Written by Record Pilot Staff Thursday, 06 February 2014 00:00
The Glen Cove Board of Education and Glen Cove High School administration honored 35 students who were named Advanced Placement (AP) Scholars for the 2013-14 school year. Certificates were awarded by GCHS Principal Roseann Cirnigliaro and Assistant
Principals Allen Hudson and Nadine Wheeler to those AP Scholars who were in attendance at the Jan. 13 board planning meeting. The ceremony is scheduled every January when many students who have already graduated return to Glen Cove during the semester break. Certificates will be mailed to AP honorees who could not be in attendance.
The College Board named the 35 former and current Glen Cove High School students as AP Scholars earlier this year following their successful performance on the AP Exams. The College Board recognizes several levels of achievement based on students’ performance on AP Exams. This year, included in the group were eight AP Scholars of Distinction and two AP Scholars with Honors.
AP Scholars with Distinction with an average score of 3.5 of higher on all AP Exams or 3 or higher on five or more of these exams are: Elias Blinkoff (Class of 2013 Valedictorian), Nicole D’Ambrosio (Class of 2013 Salutatorian), Samantha DiPaola (Class of 2014 Valedictorian), Matthew Kolbert, Yaqarah Letellier, Maxine Lizaso, Andrew Schuck (Class of 2014 Honorarian) and Daniel Wlodarczyk.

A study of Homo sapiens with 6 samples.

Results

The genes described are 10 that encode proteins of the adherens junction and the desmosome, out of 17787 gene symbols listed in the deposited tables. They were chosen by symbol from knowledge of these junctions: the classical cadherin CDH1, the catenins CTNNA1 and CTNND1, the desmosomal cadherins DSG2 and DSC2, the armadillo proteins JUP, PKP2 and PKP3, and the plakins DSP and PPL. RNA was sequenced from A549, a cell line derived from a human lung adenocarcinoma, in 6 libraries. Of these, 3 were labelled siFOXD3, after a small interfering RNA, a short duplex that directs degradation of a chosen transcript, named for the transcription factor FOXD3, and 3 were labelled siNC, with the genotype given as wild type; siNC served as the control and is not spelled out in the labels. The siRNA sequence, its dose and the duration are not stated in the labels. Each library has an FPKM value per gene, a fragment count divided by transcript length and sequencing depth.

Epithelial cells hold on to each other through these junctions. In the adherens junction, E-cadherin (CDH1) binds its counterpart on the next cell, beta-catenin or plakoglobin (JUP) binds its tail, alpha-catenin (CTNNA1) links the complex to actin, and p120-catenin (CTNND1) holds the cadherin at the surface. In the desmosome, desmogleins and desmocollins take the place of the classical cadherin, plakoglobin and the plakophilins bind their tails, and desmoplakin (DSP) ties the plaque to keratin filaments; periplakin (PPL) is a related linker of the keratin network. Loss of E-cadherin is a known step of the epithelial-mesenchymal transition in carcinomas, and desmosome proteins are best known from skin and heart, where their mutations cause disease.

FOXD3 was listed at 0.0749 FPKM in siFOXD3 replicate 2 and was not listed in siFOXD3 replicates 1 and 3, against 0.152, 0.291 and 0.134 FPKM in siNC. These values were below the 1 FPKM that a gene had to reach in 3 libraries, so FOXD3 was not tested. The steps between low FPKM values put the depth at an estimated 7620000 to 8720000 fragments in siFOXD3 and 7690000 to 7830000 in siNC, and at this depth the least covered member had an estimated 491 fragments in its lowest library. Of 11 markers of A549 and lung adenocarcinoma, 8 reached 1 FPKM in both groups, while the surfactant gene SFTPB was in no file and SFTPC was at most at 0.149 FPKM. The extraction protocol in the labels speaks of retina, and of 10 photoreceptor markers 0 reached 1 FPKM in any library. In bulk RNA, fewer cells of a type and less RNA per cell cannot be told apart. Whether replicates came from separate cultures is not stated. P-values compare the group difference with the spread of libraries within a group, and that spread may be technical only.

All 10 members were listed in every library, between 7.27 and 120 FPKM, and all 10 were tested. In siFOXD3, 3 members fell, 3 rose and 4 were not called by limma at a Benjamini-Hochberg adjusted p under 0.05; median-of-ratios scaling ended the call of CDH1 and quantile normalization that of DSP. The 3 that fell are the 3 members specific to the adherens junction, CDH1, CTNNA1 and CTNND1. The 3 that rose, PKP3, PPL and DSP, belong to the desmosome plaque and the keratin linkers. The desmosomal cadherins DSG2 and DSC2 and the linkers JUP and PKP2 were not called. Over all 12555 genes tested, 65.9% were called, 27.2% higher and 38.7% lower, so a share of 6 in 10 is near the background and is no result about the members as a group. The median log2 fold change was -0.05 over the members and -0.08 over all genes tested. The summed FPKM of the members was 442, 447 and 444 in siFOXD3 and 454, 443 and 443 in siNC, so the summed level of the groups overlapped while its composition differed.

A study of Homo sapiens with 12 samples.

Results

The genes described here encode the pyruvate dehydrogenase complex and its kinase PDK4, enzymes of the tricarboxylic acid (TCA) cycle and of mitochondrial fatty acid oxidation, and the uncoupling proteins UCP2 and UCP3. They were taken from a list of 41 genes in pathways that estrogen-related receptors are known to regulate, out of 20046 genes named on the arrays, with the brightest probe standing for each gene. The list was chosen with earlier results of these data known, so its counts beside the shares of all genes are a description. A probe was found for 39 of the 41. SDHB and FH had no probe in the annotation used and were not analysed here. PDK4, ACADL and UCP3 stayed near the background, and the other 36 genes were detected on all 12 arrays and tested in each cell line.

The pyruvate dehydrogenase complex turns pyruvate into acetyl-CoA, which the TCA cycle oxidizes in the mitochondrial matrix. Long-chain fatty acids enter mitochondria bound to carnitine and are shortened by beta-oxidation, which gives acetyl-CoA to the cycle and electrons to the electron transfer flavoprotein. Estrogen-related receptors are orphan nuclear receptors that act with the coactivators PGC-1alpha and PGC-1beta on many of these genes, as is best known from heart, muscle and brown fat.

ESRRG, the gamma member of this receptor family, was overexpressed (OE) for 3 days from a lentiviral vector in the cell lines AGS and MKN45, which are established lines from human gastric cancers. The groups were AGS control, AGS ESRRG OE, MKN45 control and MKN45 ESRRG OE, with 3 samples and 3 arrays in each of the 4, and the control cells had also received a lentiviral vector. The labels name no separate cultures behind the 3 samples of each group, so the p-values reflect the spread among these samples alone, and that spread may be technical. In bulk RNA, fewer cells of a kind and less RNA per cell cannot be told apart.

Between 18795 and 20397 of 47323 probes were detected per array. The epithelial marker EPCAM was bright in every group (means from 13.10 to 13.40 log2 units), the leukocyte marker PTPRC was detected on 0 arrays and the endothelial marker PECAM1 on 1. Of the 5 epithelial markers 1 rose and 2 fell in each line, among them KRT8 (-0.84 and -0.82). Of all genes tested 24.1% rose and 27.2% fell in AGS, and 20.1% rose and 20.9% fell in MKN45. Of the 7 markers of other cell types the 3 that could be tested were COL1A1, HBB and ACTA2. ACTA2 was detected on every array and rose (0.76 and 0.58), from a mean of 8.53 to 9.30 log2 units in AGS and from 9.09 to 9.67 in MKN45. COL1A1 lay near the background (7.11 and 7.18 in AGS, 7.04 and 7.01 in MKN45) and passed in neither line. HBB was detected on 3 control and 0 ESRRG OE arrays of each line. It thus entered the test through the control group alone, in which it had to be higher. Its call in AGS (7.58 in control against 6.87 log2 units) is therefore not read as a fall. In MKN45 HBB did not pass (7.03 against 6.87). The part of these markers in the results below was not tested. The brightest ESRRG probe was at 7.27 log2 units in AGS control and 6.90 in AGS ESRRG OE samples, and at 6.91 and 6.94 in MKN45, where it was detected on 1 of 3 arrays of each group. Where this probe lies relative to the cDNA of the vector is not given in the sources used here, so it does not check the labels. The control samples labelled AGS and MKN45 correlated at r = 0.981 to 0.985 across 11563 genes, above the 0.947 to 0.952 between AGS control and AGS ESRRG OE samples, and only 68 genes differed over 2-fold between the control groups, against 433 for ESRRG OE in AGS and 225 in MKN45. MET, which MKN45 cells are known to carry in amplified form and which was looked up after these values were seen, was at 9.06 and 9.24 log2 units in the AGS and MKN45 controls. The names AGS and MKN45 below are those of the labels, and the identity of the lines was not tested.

AP Scholars with Honor with an average score of 3.25 or higher on all AP Exams or 3 or higher on four or more exams are: Nicholas Krisch, Marco Lopez and Hans Ring (Class of 2014 Salutatorian).
AP Scholars scoring 3 or higher on three or more AP Exams are: Aisha Ali, Victoria Andreotti, Shayan Awan, Rachel Brady, Michael Burrell, Christina Delgrosso, Madison Dratch, Gillian Farnan, Alexandra Franklin, John Garcia, Connor Hamel, Jackelyn Haduk, Jerry Ho,
Jennifer Ingegno, Claire Lechtenberg, Kyra Martakis, Zamir Nasary, Mario Serrano (Class of 2013 Honorarian), Caroline Suozzi, Stanislaw Tokarz, Steven Villatoro, Tiffany Vizcarra, Victoria Zumaeta and Carina Zupa.
Through 34 different college-level courses and exams, AP provides willing and academically prepared students with the opportunity to earn college credit or advanced placement and stand out in the college admission process. Each exam is developed by a committee of college and university faculty and AP teachers, ensuring that AP Exams are aligned with the same high standards expected by college faculty at some of the nation’s leading liberal arts and research institutions. More than 3,800 colleges and universities annually receive AP scores. Most four-year colleges in the United States provide credit and/or advanced placement for qualifying exam scores. Research consistently shows that AP students who score a 3 or higher on AP Exams (based on a scale from 1 to 5, with 5 being the highest) typically experience greater academic success in college and have higher college graduation rates than students who do not participate in AP.